Can, Inner Space / Out of Reach

Barry Walters

By Barry Walters

on 07.30.12 in Reviews

Combining Can’s 1978 disc Out of Reach, with its 1979 album Can aka Inner Space, this twofer release captures the German band at its least Can-ish.

Capturing the German band at its least Can-ish

Out of Reach (tracks 9 through 15) isn’t even included in the band’s own official discography. Both latter-day ex-Traffic members, Saw Delight additions Rebop Kwaku Baah and Rosko Gee do all the singing here, and founding member Holger Czukay isn’t involved at all; he quit the band in ’77. Rebop is a dexterous player, but his percussion often overwhelms Jaki Liebezeit’s drums rather than augmenting them. Bassist Gee is similarly aggressive and technique-intensive, a sharp contrast to Czukay’s minimal yet empathetic previous basslines. Out of Reach is far more akin to the virtuoso flash of American jazz-rock groups like Mahavishnu Orchestra than to the intellectual, intrinsically Germanic Krautrock of yore.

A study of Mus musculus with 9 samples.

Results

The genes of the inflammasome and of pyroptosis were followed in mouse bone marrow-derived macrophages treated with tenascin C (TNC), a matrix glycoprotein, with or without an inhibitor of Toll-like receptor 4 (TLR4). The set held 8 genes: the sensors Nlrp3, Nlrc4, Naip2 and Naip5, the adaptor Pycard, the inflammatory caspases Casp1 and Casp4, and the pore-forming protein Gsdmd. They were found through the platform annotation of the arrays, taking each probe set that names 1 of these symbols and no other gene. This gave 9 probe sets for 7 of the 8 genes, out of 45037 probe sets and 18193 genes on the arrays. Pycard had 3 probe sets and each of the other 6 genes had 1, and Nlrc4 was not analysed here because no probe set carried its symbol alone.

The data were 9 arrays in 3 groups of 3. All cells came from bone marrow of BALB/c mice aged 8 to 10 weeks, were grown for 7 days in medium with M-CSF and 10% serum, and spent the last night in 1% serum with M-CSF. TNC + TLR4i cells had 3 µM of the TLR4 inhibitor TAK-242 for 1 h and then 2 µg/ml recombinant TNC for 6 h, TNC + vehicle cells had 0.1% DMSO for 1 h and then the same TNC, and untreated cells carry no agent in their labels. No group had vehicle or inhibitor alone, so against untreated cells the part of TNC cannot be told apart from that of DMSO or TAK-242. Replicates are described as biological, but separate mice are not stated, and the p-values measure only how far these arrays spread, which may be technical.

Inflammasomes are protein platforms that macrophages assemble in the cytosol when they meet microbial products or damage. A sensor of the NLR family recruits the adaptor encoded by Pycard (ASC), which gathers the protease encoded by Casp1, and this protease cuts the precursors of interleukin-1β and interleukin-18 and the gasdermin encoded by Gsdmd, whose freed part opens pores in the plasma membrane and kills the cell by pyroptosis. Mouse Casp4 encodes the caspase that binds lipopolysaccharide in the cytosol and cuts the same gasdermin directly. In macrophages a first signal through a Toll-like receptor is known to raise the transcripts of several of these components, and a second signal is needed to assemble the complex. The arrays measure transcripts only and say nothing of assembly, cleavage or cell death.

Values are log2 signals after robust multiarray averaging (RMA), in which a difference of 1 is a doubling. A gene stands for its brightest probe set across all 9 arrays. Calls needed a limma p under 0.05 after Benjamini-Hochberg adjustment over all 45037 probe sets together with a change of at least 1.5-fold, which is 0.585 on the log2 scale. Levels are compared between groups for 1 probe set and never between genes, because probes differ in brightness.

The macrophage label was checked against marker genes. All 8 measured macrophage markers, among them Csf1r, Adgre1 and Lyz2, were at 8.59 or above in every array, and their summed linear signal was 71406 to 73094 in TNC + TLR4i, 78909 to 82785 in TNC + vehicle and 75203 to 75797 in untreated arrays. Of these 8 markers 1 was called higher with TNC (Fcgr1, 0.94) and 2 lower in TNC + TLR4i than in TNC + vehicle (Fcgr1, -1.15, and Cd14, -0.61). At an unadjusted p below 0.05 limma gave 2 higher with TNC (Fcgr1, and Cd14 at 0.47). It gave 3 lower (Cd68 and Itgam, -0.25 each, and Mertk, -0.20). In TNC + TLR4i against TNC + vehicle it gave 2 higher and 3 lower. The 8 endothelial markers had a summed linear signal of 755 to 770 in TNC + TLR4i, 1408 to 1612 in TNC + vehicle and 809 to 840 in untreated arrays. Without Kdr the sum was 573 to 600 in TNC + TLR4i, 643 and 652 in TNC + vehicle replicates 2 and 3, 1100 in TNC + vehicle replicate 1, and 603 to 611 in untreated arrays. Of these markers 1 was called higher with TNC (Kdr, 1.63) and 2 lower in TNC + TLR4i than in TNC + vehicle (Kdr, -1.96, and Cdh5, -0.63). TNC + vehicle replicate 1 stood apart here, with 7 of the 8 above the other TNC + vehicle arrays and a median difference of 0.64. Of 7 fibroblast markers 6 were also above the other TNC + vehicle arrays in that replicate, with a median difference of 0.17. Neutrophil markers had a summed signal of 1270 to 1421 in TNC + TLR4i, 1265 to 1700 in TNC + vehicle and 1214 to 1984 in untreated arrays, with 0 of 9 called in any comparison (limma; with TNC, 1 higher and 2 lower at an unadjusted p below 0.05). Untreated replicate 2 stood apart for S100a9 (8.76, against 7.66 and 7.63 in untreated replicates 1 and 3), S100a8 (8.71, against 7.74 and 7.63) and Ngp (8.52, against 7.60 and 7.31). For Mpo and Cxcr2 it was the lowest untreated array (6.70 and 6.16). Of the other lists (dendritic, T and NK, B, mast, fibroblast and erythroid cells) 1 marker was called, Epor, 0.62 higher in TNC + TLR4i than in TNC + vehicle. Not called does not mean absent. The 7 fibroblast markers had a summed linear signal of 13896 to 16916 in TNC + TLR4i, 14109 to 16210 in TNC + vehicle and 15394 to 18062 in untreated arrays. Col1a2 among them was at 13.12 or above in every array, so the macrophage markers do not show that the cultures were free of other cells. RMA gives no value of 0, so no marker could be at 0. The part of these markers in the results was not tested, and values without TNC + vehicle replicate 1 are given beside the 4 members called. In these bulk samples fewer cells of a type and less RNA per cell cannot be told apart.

The third and final album Can album recorded with Gee and Rebop, Inner Space (tracks 1 through 8) improves upon 1978′s Out of Reach by dropping much of that album’s frantic jazz-rock excess, restoring guitarist Michael Karoli as vocalist, and employing Holger Czukay’s editing skills. 1979′s Can (issued here as Inner Space) nevertheless comes cluttered with filler: A goofy fuzz-tone cover of the melody from Jacques Offenbach’s opera Orpheus in the Underworld most associated with the can-can illustrates how far the band had ventured from its avant-garde beginnings. But the strongest material — particularly “Aspectacle,” a menacing quasi-disco track akin to contemporaneous cuts by James White and the Blacks — restores that essential mystery in Can’s core.